The opening of a new BMW automotive plant in China has brought new opportunities for BMW SA, with the potential components exports worth hundreds of millions of rand a year.

The opening of a new BMW automotive plant in China has brought new opportunities for BMW SA, with the potential components exports worth hundreds of millions of rand a year.

The new plant is in Shenyang, and shipments of axles and rear ends worth about R20 million have been exported from BMW SA's Rosslyn factory.

"Over 20 South Africans were sent to China to help them in logistics, training and in systems, refining their product standards and improving quality control measures, all of which are vital when you are producing BMWs," said BMW SA spokesman Richard Carter.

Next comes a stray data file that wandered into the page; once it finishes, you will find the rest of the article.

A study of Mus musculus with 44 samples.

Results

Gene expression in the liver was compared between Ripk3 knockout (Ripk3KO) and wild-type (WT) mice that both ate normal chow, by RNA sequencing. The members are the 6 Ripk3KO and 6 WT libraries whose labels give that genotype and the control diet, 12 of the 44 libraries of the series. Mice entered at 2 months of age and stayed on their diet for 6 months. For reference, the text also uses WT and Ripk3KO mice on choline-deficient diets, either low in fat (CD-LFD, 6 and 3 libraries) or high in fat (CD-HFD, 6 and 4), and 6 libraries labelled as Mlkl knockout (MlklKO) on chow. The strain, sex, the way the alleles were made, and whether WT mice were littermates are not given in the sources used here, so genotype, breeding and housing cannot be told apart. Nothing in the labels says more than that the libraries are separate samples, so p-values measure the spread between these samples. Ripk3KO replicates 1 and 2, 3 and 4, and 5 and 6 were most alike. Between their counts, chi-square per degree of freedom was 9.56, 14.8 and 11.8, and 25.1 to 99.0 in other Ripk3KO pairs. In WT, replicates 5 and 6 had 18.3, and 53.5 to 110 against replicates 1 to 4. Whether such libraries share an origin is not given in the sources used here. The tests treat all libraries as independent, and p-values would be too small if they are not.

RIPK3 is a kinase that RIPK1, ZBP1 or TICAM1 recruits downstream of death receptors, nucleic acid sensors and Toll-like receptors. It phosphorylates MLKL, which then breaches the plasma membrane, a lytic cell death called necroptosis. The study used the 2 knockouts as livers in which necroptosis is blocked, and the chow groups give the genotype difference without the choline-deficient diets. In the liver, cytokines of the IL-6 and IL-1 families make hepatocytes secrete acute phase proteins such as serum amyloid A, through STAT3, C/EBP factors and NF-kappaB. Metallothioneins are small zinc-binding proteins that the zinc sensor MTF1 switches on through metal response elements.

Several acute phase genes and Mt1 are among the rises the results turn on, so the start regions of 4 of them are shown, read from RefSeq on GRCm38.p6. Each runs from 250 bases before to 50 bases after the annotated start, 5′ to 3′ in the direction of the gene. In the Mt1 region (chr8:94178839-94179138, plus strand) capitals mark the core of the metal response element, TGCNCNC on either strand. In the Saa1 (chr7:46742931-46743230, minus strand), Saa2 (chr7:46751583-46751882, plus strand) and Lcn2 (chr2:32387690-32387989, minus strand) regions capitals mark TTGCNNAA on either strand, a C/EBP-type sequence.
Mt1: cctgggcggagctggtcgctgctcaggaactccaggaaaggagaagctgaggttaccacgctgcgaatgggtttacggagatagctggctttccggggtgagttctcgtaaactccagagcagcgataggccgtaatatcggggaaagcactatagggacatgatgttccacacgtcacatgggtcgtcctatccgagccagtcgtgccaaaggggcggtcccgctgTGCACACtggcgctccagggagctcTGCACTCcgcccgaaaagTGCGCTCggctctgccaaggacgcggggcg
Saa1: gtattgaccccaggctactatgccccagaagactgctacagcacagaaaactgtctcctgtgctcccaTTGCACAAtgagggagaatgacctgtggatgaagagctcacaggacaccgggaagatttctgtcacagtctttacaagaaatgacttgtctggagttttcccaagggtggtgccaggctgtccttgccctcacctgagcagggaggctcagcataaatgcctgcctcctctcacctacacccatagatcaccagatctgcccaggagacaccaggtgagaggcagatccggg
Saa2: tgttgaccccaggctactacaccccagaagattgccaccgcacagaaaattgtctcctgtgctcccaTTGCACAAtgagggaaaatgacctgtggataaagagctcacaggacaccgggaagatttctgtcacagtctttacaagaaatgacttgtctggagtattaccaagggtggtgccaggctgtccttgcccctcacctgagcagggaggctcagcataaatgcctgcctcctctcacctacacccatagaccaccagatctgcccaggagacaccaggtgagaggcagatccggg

"Over the last five years, our plant has undergone a similar ramp up to the one the Chinese plant is going through," said Carter. "We are acting as a sister plant, assisting with the ramp-up phase, and helping them to solve the same sort of problems which we faced.”

"We have exported components worth R20 million to date, and a team of purchasing and logistics people are going to China the week after next for the next round of sourcing discussions."

Carter would not comment on the value of component exports from SA, but it is believed that this could rise to hundreds of millions of rand a year. "We hope and expect that SA will win further contracts, and that business will grow rapidly," Carter said.

The automotive component sector is a multi-billion rand business for SA and BMW has been one of the most successful automobile exporters from the country. Other than accounting for a substantial amount of SA’s sales to the US under the Africa Growth and Opportunity Act, it has also been instrumental in the development of an automotive supplier park established under the Gauteng provincial government’s Blue IQ programme.